On 20 July 1814 Robert Harvey of Malin Hall left Trabrega Bay in his yacht the Rambler to sail to the Western Isles of Scotland. There were few yachtsmen of this order in the north west at this time, apart from the Batts of Rathmullan who held great regattas on Lough Swilly. A visit to Rathmullan Hotel will bring back memories of some great sailing contests. Robert’ s portrait hangs in Goorey Lodge outside Malin and in the drawing room stands a table of historic interest. It was on this very table that his young nephew Gardiner Harvey danced on hearing of the defeat of Napoleon at Waterloo in 1815 in tandem with the family celebrations. Robert’s cousins Ralph and Robin joined him on his maritime adventure. They had a skipper called Jack from a well-known Glengad family and a cook named Ned, together with Gilbert Brown of the famous seafaring family of Lough Swilly. Another cousin, Robert Harvey Jnr. aged seven also joined the crew. Robert Harvey kept a notebook of his voyage which began:
20 July – Left Srawbrega with wind at south west, had a severe touch on the bar, but did not make any water of it. Cleared Malin Head at about noon and steered a north-east course all day in the direction of the Island of Mull……..Ralph and Robin both a little sick.
On the voyage, they passed Dunmore off Culdaff beach. At Dunmore Head you can see an 18-pound cannon ball lodged in the east wall. It was fired by a frigate in a demonstration for Robin Young, the landlord at Culdaff House over a century ago. It is clearly inaccessible; otherwise it would have been rescued for scrap years ago.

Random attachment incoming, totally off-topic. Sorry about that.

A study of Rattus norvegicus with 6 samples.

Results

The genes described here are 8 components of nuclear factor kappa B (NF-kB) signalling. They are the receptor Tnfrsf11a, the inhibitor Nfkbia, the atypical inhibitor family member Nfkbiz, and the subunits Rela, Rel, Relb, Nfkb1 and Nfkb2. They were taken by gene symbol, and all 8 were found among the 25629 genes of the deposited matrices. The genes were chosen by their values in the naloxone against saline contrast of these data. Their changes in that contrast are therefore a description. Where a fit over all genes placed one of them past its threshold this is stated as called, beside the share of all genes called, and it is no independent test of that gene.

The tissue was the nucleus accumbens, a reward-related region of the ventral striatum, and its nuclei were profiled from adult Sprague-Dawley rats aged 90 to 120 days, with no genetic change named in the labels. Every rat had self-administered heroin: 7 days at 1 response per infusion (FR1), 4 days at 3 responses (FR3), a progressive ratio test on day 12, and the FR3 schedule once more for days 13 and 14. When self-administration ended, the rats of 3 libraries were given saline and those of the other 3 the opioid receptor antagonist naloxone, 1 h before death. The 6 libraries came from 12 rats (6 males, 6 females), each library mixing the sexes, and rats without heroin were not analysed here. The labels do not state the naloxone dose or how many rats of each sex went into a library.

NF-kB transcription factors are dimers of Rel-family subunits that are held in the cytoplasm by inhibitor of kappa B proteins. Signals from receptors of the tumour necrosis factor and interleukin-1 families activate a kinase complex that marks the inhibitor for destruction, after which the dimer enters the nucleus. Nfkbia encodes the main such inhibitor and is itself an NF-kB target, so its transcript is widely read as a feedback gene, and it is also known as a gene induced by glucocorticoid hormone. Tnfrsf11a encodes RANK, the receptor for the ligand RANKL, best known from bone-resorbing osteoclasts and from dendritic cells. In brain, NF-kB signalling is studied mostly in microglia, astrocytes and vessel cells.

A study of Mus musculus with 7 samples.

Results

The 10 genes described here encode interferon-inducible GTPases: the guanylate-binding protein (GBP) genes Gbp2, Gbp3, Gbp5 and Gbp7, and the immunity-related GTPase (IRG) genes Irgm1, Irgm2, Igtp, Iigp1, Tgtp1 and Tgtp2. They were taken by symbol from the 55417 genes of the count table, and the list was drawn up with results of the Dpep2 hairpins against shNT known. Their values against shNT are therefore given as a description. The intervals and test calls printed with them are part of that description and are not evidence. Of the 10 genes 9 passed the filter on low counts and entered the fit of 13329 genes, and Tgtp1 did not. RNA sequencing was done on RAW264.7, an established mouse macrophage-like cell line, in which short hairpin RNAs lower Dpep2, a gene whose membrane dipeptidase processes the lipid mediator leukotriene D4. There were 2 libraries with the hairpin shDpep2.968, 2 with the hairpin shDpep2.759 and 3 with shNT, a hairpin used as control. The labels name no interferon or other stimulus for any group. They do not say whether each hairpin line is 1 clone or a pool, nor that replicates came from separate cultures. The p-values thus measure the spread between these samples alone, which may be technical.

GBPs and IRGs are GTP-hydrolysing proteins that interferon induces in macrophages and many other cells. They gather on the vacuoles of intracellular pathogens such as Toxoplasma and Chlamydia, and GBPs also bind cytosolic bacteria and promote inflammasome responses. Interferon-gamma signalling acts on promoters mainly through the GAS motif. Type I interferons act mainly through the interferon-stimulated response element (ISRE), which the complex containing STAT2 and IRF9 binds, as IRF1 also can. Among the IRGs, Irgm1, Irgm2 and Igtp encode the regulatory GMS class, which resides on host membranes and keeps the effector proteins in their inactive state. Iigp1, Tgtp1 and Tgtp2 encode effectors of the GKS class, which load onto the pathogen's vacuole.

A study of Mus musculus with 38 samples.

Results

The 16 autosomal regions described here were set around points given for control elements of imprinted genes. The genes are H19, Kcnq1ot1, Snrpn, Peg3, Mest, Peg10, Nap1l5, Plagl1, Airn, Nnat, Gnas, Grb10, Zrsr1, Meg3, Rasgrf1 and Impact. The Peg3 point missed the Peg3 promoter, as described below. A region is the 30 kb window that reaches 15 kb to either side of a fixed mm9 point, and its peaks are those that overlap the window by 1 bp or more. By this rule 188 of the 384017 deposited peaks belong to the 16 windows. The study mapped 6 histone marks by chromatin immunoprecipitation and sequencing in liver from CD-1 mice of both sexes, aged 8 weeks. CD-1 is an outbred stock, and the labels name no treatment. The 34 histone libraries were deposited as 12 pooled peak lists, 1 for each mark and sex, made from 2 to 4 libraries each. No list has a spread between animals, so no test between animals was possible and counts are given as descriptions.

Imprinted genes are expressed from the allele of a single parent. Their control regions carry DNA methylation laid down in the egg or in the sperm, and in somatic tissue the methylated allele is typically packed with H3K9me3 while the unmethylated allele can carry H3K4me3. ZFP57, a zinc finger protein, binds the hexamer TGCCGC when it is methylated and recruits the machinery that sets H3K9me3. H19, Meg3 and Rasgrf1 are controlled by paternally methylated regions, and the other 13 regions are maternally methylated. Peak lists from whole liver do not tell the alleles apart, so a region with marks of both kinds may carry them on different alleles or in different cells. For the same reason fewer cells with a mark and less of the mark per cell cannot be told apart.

In August, he pulled into Islay and saw four sloops at Port Ellen. (I visited Islay in 2003 travelling from Moville in just four hours). One was bound for Derry and three were laden with stone bound for the batteries at Lough Swilly. It is strange that stone had to be brought from Islay when suitable material was available in Donegal. Like many naval projects, these batteries were constructed long after the threat from France had disappeared. But the naval authorities have long memories. In 1914, when the entire British fleet was threatened with destruction by U-boats, the navy returned to Lough Swilly as a refuge for the duration of the war under the shadow of the batteries of the post-Napoleonic era. Their surveys in the early 1800s had recorded that Lough Swilly had great depths of water, but it was a century later before the information proved useful.
In 2009, Wallace Clarke, whom I knew well, of the famous Co. Derry firm of linen manufacturers based in the village of Upperlands, decided to retrace the voyage, an intrepid adventure for a man in his eighties. He was joined by Ros Harvey, Ballagh Studios, a descendant of Robert and other friends. I worked with Ros on Inishowen – Land of Eoghan. It was planned to write a book on the voyage but shortly after their return, Wallace had an accident and died in 2011. He loved Donegal, particularly the island of Tory and Inishtrahull and has left us great stories about both.